IT was just another night on the road for interstate truck driver Brad Morrison when his life changed forever.
The Warwick man was driving his truck on the Cunningham Hwy towards Brisbane on November 14, 2013 when he came across a two vehicle crash at Aratula.
A prime mover had hit a Holden sedan pushing it 95 metres along the road before bursting into flames and trapping 21-year-old driver Sharee Harvey and her nine-month-old daughter Paige Costello inside the car.
Ms Harvey was killed in the crash, but Mr Morrison will soon be recognised for his courage for rescuing Paige, now nearly three years old, with an Australian Bravery Medal.
"I was one of the first one the scene and saw the car was on fire and the truck was sitting on top of it," Mr Morrison said.
"I didn't think about any of the dangers, I just saw the state of the car and the fire and ran straight over and heard the baby crying in the back and climbed in to get her out.
"They're saying I'm brave because the car was on fire but I just did what I thought was right."
Mr Morrison said although he felt honoured by the award, he did not need the recognition to know he did the right thing.
"It was a pretty terrible night and it was definitely emotional for me," he said.
"I attended the funeral of the lady who was killed in the car and I still keep in touch with the family to this day.
"It was like nothing I'd experienced before and it's not an easy thing to go through but it's also not something you really need to think about doing.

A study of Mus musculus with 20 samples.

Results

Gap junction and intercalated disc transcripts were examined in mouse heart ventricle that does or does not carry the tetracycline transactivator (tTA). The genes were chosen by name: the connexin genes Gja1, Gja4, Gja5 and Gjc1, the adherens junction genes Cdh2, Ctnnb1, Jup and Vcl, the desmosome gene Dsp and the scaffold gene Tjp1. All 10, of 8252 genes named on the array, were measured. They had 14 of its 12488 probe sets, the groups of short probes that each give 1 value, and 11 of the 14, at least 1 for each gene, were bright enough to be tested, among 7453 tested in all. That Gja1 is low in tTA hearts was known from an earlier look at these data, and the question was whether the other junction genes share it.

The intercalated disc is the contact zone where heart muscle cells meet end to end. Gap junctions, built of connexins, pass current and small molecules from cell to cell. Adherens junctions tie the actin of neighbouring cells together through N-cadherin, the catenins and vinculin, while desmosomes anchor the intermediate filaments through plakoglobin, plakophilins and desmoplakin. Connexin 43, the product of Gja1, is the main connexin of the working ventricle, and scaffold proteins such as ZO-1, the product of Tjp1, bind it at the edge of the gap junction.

"It's not something you do for recognition, it's just instincts kicking in and you do what has to be done."
Mr Morrison will be among 24 recipients of the national Bravery Medal award to be presented by the Australian Governor-General Sir Peter Cosgrove.
"I found out a few months ago that they were considering me but they only last week told me I would actually be receiving it," Mr Morrison said.
"I got a Highway Guardian Award but I wasn't expecting anything on this sort of level - I haven't told anyone about it so it was a bit of a shock.
"I hope I can attend the ceremony, I'm not even sure when it is yet."
Sir Cosgrove said Australia was fortunate Mr Morrison and others were willing to put themselves in harm's way for others.
"For over 40 years these honours have helped to define, encourage and reinforce our national aspirations and ideals by identifying role models," he said.